Hatchell: "I wish I knew" why DeShields left UNC
North Carolina coach Sylvia Hatchell said she still hasn’t figured out why star player Diamond DeShields is leaving UNC, but the freshman has received an unconditional release to transfer to another school.
When DeShields’ decision was first publicized by The Herald-Sun on April 17, Hatchell said she didn’t “know or understand” why the nation’s top freshman wanted to transfer. Speaking before a Rams Club event Thursday night, Hatchell said she was still in the dark.
“I don’t know. Really,” Hatchell said. “I was as shocked as anybody. I’m not sure Diamond knows.
“It might have been the same anywhere she went. Maybe it was just the change to college. I’m not really sure what it is. I wish I knew.”
Tisha DeShields, Diamond’s mother, told The Herald-Sun last week that there wasn’t one “huge, dramatic” reason or “one identifying factor” why Diamond was transferring after she scored an ACC freshman-record 648 points and led UNC to its first NCAA Tournament Elite Eight appearance since 2008. Instead, Tisha said the school just wasn’t the right fit.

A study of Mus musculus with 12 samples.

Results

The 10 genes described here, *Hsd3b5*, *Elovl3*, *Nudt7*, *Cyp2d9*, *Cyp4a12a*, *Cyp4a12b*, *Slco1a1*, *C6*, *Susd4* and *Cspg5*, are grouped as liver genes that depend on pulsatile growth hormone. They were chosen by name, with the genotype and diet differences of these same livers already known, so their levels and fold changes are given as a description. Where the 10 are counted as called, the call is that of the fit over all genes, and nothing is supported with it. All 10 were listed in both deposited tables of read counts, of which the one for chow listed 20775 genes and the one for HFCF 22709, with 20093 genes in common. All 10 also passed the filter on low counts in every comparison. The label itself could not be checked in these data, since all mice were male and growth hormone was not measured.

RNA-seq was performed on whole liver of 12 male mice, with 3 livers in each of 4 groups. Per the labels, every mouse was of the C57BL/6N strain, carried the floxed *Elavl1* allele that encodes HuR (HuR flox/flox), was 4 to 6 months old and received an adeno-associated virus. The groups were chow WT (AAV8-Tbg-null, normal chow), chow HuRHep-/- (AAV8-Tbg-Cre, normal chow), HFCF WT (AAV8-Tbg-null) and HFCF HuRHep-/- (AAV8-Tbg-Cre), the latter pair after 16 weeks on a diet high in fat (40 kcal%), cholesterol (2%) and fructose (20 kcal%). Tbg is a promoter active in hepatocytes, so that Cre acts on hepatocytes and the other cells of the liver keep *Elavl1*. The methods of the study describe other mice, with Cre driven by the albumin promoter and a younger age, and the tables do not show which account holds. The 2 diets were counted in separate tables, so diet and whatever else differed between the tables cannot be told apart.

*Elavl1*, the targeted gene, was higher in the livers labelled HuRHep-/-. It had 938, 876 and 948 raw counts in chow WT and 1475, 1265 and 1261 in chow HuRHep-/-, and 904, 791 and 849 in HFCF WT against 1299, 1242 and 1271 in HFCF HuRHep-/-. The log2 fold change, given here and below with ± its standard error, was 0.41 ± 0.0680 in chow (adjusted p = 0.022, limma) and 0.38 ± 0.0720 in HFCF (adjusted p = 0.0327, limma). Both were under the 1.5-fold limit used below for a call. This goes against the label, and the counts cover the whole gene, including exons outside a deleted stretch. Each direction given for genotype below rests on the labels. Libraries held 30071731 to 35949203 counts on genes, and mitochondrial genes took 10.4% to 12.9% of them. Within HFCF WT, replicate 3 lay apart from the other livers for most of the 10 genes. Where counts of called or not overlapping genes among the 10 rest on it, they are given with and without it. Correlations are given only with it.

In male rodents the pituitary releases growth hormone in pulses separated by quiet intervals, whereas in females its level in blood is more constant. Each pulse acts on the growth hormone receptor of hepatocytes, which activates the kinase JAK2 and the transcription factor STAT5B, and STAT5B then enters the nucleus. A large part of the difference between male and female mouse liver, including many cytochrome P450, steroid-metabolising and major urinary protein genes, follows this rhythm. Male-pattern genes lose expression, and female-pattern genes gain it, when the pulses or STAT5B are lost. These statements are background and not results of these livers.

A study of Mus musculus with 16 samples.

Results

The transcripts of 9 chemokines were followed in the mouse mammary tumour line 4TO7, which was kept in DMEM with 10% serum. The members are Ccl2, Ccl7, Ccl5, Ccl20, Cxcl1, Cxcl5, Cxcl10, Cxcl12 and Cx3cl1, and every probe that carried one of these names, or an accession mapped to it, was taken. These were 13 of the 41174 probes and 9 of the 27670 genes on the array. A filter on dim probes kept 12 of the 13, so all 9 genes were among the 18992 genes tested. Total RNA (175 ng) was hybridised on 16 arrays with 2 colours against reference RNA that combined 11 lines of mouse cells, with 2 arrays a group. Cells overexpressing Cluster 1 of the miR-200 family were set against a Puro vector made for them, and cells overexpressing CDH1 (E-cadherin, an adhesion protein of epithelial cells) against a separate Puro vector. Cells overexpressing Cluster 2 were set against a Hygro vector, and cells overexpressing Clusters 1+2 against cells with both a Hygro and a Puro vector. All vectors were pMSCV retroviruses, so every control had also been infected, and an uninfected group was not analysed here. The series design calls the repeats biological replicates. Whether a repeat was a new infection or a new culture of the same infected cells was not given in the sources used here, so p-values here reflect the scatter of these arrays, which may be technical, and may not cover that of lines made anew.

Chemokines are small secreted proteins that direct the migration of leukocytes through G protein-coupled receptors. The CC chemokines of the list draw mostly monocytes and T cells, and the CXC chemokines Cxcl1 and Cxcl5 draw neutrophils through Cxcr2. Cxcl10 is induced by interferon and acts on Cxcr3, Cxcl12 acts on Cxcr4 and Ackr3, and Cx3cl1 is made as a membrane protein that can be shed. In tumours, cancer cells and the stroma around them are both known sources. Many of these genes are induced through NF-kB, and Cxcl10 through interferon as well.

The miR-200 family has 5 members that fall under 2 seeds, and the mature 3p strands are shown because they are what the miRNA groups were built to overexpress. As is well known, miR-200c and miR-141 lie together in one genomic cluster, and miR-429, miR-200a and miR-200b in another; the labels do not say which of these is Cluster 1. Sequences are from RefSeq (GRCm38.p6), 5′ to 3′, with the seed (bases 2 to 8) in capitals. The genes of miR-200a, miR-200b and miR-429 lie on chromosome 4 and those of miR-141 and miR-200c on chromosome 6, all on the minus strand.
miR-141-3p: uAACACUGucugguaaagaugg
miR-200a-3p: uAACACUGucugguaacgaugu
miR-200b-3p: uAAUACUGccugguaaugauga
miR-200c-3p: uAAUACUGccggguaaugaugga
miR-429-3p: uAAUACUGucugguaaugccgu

Hatchell, who missed the entire season while undergoing chemotherapy treatments for leukemia, said that she met individually with DeShields twice after the season.
“She told us she wanted a release, five days after she said on television ‘We’re playing for you, Coach Hatchell.’ And then I met with her before she left,” Hatchell said. “I kept asking her, ‘Talk to me, what’s bringing this on?’ She couldn’t tell me.”
Still, Hatchell said the school has already released DeShields, which will allow her to receive an athletic scholarship at her new destination – though DeShields would still have to sit out next season because of NCAA policy. Also, per ACC rules, DeShields would lose a year of eligibility and would be forced to pay her own way for one year if she transfers within the conference.
Early speculation is that DeShields will end up at Tennessee, where her mother was an all-American athlete in track and field, or Georgia, which is located about an hour away from her hometown of Norcross, Ga.
Despite losing the espnW and U.S. Basketball Writers Association freshman of the year, Hatchell said the team is still optimistic about next season. The Tar Heels are expected to return every other player from a team that went 27-10 and upset top seed South Carolina in the NCAA Tournament.
“All those young players are good, and I think they realize, ‘It’s going to be more opportunities for me,’” Hatchell said.
Hatchell, who is now cancer free, is also eager to return to the bench next season.
“I can’t wait to get back out there,” Hatchell said. “I’ll probably get a technical every game because I’ll be so fired up.”